Thanks partly to a donation from CarePoint Health, Hudson County will join Union City for a gun buyback program to be held in Bayonne, Jersey City, and Union City on July 12 and 13.
Hudson County has received a $50,000 from CarePoint that will cover some of the costs of the program. The county will pay up to $250 per weapon. Residents can anonymously turn in up to three guns with no questions asked.
The gun amnesty program will be held at Mount Carmel Parish Center, 39 E. 22nd Street, Bayonne, Evangelimos Greek Orthodox Church, 661 Montgomery Street, Jersey City, and St Anthony of Padua Catholic Church, 615 8th Street, Union City.
For more information call (609) 984-5828 or go to www.nj.gov/guns.
Beware possible scam
Bill Kobryn, PBA Local 7 President, whose local represents offices of the Bayonne Police Department, cautioned residents about phone solicitations.
“The local serves the needs of its membership and also the needs of the community as well as individuals who may be in need of assistance,” he said. “The Bayonne PBA Local 7 and the Bayonne Police Department do not solicit over the telephone.”
Calls from “law enforcement” or public-safety organizations are being made by telemarketing firms, he said.
“These solicitations do not benefit the Bayonne Police Department or PBA Local 7,” he said. “We urge you to use extreme caution in the event that you may get a phone call from these types of telemarketers representing other organizations. If you do decide to contribute as a result of one of these calls, you should ask for information regarding their organization, including a general financial statement. You should get written confirmation regarding the contribution.”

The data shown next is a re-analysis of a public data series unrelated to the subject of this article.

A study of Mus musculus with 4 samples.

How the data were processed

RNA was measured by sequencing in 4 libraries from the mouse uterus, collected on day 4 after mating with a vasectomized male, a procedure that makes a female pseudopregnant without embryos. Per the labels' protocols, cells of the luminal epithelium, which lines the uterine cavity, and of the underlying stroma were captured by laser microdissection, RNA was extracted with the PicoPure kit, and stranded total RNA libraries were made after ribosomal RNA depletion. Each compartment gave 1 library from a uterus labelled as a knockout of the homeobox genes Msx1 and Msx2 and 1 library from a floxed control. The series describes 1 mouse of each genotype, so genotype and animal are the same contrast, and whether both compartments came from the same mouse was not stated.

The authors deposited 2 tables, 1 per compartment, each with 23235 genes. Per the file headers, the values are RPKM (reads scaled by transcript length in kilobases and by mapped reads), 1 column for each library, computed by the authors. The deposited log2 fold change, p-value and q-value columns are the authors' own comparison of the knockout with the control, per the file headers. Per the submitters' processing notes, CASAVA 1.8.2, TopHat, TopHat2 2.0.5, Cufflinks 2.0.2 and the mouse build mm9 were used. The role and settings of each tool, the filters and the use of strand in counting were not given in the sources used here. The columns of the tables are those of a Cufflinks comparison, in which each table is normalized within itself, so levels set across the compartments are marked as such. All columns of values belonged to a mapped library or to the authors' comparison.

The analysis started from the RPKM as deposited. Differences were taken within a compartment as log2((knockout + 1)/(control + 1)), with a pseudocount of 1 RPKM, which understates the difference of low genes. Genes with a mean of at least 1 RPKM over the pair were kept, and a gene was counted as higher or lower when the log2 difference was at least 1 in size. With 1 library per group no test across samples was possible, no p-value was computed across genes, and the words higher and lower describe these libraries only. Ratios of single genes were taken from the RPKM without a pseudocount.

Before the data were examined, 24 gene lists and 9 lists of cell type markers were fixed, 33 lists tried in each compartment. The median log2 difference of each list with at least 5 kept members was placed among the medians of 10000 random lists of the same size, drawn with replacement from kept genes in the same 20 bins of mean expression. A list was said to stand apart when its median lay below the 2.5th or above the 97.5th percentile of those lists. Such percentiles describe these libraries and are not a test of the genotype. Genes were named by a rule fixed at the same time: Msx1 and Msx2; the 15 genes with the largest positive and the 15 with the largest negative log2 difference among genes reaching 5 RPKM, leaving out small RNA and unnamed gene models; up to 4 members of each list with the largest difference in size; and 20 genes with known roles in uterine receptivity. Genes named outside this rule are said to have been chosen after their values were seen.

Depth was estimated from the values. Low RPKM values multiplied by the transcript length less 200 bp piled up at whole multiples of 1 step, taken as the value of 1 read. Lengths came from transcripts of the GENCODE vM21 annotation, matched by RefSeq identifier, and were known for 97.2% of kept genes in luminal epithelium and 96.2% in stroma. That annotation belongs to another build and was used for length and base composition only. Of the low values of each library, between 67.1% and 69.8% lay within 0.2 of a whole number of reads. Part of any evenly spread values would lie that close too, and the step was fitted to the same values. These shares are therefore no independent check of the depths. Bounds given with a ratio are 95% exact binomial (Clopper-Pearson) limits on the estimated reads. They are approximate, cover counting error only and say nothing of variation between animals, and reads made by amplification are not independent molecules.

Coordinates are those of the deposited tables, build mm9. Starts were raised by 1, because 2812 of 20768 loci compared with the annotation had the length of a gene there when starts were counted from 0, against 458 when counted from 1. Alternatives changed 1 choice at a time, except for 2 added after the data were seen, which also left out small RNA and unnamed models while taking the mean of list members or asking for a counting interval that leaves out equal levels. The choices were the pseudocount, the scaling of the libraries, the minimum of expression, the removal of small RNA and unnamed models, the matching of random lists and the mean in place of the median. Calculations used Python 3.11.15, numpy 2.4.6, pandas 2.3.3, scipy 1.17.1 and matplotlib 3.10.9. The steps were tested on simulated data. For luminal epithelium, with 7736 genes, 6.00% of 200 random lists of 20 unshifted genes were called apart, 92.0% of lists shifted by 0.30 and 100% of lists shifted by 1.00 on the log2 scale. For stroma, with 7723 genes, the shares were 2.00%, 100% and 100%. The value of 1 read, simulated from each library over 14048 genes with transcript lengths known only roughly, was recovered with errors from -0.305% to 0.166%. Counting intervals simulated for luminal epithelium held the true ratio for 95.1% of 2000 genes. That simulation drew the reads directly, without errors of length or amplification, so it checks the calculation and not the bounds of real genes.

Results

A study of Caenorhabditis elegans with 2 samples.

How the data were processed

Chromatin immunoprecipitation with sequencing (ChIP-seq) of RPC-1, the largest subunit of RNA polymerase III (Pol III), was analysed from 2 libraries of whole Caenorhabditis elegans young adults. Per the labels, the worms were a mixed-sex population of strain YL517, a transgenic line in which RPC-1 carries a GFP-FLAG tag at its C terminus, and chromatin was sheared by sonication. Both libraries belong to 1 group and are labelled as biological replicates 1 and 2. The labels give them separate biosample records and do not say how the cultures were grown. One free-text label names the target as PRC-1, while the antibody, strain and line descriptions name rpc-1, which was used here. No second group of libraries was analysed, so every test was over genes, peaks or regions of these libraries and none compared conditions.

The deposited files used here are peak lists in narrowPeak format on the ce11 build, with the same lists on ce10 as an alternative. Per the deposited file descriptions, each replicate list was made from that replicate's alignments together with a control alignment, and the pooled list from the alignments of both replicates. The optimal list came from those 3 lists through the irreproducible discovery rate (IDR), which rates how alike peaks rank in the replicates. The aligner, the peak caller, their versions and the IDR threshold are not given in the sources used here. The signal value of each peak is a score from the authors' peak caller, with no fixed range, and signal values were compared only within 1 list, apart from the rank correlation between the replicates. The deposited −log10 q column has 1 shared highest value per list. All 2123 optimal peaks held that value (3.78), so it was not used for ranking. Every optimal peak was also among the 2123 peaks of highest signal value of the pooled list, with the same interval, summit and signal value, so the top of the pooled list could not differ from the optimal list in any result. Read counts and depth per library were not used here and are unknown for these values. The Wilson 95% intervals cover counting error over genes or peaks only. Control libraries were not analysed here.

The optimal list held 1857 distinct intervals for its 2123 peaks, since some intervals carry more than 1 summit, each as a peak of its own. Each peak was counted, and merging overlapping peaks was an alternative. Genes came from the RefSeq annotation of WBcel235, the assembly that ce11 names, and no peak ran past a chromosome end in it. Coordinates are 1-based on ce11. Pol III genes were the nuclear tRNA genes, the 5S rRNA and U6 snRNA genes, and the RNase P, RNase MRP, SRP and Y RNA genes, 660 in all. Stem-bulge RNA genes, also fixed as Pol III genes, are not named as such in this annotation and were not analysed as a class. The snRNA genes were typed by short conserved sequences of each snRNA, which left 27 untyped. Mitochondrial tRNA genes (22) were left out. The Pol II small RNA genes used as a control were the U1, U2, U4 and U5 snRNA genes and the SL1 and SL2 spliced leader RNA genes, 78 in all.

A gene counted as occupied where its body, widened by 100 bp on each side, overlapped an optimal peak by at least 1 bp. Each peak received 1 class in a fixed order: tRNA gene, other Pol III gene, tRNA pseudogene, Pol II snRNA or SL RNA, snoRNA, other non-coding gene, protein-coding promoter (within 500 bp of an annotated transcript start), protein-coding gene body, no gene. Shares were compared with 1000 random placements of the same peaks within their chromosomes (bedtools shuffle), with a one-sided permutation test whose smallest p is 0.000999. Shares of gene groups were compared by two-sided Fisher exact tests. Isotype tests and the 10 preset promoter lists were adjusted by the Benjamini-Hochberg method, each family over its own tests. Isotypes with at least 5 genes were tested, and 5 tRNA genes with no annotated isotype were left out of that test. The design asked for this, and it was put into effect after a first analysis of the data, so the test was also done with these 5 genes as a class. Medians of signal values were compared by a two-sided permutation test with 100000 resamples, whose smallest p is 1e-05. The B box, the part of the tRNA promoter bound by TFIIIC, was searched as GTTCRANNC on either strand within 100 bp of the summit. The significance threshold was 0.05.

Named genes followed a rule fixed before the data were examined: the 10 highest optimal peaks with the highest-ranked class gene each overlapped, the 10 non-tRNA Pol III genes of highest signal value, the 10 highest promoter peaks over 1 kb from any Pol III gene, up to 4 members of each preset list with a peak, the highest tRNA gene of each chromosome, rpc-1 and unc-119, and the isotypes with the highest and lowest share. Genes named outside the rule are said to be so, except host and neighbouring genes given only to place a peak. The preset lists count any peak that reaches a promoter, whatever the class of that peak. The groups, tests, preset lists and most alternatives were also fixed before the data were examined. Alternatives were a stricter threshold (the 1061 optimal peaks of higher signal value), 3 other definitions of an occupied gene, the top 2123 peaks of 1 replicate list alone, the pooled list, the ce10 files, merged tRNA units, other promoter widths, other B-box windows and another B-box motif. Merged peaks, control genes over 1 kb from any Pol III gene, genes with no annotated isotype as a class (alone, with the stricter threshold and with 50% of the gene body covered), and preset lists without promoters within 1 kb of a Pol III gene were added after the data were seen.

LGBT/Immigration ombudsman needed?
In a letter to Homeland Security Secretary Janet Napolitano, 22 U.S. senators, including Senator Robert Menendez (D-NJ), urged the U.S. Department of Homeland Security (DHS) to quickly make any necessary administrative changes and appoint an independent ombudsman for bi-national LGBT couples in response to the recent U.S. Supreme Court ruling on the Defense of Marriage Act (DOMA). The ruling in United States vs. Windsor declared Section 3 of DOMA unconstitutional, allowing married bi-national LGBT couples to apply for a green card and access to federal protections and benefits. Before the ruling, an estimated 36,000 bi-national LGBT couples were forced to live in fear of separation because DOMA prohibited American citizens from sponsoring their spouses for green cards.
“Last week’s ruling is a major step forward in the civil rights and marriage equality movement. Immigration policy is clear that marriages are recognized as valid based on the place of celebration. Now that the Supreme Court has acted, we were pleased to see U.S. Citizenship and Immigration Services issue the first approval of a green card to an LGBT family in Florida,” the Senators wrote. “We urge you to swiftly make any further necessary administrative changes required to immediately implement the ruling across the Department. We also urge you to appoint an independent ombudsman for LGBT issues who reports directly to you, is available and accessible to the public, and is empowered to resolve complaints across agencies within the Department. We believe the ombudsman is necessary to address the inquiries from LGBT couples and resolve any problems these couples face, some with very complex situations requiring careful attention.”